Authorised Happiness 2

Authorised Happiness 2
Authorised Happiness 2 review
  • UK publisher / ISBN: Cinebook - 978-1-84918-448-9
  • Volume No.: 2
  • Release date: 1988
  • English language release date: 2020
  • UPC: 9781849184489
  • Contains adult content?: no
  • Does this pass the Bechdel test?: no
  • Positive minority portrayal?: no

A clever English title (conceived by Cinebook rather than using the more vague French title of SOS Bonheur) is applied to Jean Van Hamme’s smart extrapolations about an increasingly controlled society. Produced toward the end of the 1980s, Authorised Happiness 1 had moments of disturbing prescience about how Western societies have evolved since Van Hamme wrote the stories, and that’s hammered home over the opening two pages here. They show a minister on TV extolling the benefits of the government’s new multi-purpose electronic ID card with fingerprint technology linked to medical, tax and police records, and bank balance. Satisfyingly, this smug specimen spends the rest of the story becoming a victim of his own invasive procedures.

His fate occurs in the first of another three stories concerning the prescribed society, these more varied than the first volume. Van Hamme masterfully prolongs the agony of childhood naivety in the second, before confounding expectations, and in the third examines a state sanctioned writer. It’s not that he’s being told what to write, you understand, just that publishers can equally choose to reject his stories about the underclass and deprivation, and life would be easier if he wrote about different topics.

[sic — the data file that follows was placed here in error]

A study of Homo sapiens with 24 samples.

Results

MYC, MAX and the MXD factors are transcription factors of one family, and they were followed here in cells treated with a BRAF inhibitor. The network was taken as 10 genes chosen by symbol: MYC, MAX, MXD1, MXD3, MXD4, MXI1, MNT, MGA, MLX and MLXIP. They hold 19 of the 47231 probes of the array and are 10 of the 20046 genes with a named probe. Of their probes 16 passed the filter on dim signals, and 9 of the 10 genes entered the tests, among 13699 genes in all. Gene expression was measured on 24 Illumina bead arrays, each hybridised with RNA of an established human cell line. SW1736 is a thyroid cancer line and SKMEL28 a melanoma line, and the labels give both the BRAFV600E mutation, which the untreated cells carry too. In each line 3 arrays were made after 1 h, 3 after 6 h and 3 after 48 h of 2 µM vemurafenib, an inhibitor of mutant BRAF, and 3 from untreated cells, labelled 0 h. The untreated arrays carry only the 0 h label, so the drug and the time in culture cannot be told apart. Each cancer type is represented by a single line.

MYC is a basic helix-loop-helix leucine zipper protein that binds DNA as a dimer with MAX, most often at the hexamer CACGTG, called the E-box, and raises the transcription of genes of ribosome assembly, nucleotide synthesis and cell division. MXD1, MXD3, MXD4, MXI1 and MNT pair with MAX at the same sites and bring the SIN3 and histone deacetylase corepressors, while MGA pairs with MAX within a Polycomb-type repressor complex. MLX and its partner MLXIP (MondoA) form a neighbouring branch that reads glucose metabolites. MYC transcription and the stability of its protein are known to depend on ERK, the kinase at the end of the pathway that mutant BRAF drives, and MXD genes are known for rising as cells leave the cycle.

Griffo draws natural people in natural surroundings, able to convey both day to day life and glamour convincingly. He again supplies a selection of rich personalities, no more so than in the second story in which the innocent child, seen slightly more knowingly on the cover, has a conversation with the President about the iniquities of society.

Perhaps enjoyable would be the wrong term to apply to another three smart stories showing the world as it could be under complete state control, while maintaining the pretence of choice and freedom. It’s smart, and it’s food for thought.

As before, the individual stories are separated by pictures of a continually disintegrating statue, which becomes a metaphor for state control explored in Authorised Happiness 3.